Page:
Do I Want the Judge or the Jury to Decide My Case?
Updated: Feb 11
Requesting Who Handles Both Parts of Your Trial
In the State of Texas, there are two parts to a trial:
Part One) The judge or the jury listens to the evidence and decides whether you are guilty or not guilty. If you are found guilty, you move on to part two…
Part Two) The judge or the jury decides what punishment you should receive.
Under Texas law, you have the right to request who handles BOTH parts of your trial. In part one you can insist on a jury trial. In order to have a trial by judge, the prosecutor must agree to it. In part two, you decide who sets the punishment. The prosecutor does not have a say in part two.
There are pros and cons to each option, and what’s most beneficial will often depend on the type of charge you are facing.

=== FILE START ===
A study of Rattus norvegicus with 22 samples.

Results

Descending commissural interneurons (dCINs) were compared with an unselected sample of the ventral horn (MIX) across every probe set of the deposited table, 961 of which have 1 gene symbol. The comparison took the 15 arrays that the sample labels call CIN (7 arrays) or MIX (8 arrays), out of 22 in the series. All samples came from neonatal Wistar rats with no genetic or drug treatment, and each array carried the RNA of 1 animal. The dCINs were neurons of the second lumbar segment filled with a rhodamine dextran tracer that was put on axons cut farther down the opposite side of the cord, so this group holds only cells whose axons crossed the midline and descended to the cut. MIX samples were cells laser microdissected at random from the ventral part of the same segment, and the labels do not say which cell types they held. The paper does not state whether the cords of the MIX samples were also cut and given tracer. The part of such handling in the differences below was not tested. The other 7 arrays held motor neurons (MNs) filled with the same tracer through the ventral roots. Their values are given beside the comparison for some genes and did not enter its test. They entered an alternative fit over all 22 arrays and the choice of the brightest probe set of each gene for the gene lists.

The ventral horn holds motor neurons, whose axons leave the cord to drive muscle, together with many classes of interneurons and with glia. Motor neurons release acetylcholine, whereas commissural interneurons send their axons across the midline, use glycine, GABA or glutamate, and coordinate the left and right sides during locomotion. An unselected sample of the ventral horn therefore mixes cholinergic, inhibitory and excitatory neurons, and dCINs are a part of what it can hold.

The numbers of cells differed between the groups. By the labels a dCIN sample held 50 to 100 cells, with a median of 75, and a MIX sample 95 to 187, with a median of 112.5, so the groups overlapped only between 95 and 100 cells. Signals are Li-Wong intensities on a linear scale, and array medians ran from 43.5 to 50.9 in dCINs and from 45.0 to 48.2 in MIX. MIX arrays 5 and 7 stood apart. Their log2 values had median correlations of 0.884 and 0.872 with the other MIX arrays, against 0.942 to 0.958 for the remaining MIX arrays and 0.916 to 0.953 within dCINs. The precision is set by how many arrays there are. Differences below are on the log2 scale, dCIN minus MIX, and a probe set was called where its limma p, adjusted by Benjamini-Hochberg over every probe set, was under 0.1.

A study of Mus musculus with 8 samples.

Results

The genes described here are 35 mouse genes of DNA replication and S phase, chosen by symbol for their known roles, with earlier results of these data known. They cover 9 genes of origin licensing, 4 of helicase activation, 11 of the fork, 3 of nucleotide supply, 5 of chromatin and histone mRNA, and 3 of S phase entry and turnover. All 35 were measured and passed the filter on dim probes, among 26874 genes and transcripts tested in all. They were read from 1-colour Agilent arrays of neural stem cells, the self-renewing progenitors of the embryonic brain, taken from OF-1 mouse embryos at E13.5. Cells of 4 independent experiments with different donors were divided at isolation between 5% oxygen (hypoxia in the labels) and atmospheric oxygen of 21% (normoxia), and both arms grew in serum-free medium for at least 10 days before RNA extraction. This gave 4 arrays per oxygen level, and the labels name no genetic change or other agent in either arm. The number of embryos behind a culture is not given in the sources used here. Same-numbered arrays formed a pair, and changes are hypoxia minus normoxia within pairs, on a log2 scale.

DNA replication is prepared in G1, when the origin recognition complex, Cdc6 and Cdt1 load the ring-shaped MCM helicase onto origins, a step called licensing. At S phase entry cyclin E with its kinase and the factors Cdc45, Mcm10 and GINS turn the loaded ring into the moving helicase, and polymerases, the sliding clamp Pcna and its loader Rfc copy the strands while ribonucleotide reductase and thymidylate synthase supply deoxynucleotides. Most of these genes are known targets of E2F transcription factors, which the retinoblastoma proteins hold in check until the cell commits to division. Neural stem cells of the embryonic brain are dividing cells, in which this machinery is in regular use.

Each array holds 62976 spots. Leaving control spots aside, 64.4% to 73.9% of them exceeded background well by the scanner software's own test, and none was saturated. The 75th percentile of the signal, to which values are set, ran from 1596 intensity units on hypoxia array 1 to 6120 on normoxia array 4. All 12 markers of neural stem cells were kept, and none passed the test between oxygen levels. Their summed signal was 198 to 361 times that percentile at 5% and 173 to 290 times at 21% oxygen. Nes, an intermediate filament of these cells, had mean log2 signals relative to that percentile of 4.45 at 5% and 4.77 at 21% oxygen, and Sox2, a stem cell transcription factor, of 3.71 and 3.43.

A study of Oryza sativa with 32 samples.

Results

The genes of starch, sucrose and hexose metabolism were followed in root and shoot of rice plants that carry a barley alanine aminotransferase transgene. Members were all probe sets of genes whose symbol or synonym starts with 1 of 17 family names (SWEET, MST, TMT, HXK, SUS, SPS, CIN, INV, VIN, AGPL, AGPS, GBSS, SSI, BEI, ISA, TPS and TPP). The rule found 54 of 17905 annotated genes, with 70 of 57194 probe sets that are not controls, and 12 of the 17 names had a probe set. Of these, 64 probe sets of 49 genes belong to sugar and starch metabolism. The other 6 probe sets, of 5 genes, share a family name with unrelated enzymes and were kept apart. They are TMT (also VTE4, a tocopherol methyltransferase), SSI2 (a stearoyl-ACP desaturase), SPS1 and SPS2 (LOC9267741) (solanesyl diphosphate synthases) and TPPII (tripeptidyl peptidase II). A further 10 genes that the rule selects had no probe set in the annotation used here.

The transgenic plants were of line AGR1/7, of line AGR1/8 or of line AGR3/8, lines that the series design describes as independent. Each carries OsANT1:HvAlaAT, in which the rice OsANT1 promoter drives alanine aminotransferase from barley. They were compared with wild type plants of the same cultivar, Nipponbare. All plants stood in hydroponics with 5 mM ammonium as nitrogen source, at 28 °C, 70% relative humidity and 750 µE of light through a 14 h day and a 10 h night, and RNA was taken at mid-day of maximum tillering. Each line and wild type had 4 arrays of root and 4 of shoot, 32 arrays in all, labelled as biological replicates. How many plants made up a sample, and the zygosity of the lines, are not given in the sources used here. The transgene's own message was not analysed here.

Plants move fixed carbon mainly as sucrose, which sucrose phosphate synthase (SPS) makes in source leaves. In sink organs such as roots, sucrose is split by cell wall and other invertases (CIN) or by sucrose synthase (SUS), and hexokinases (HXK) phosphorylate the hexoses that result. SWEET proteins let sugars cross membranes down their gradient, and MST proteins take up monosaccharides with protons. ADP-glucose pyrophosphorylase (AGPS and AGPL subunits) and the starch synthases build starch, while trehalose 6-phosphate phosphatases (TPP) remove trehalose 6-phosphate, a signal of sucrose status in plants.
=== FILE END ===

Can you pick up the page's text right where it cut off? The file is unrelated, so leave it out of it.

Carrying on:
Important Factors to Consider
-Does your case involve complicated facts with lots of witnesses?
-Is there a technical legal issue that is favorable to your defense?
-Are there highly emotional facts that may come out in the trial?
-Is the charge itself political or socially sensitive in your community?
-Are there incidents from your past that may put you at risk for a more severe punishment?
-Which court and Judge is your case assigned to?
-Is there media following the case?
The Strategy Depends on the Case
There are many factors that may come into play as to whether a judge or a jury should decide your case. This is an absolutely critical trial strategy question, so it is vitally important to have a defense attorney on your side who is familiar with your type of case and the particular court your case has been filed in.
At Sparks Law Firm, we have successfully defended cases in front of both judges and juries. Our strategy for your case may depend on which courtroom you find yourself in, and on the facts of your particular case. Let us help you make this incredibly important decision. Call us today for a consultation.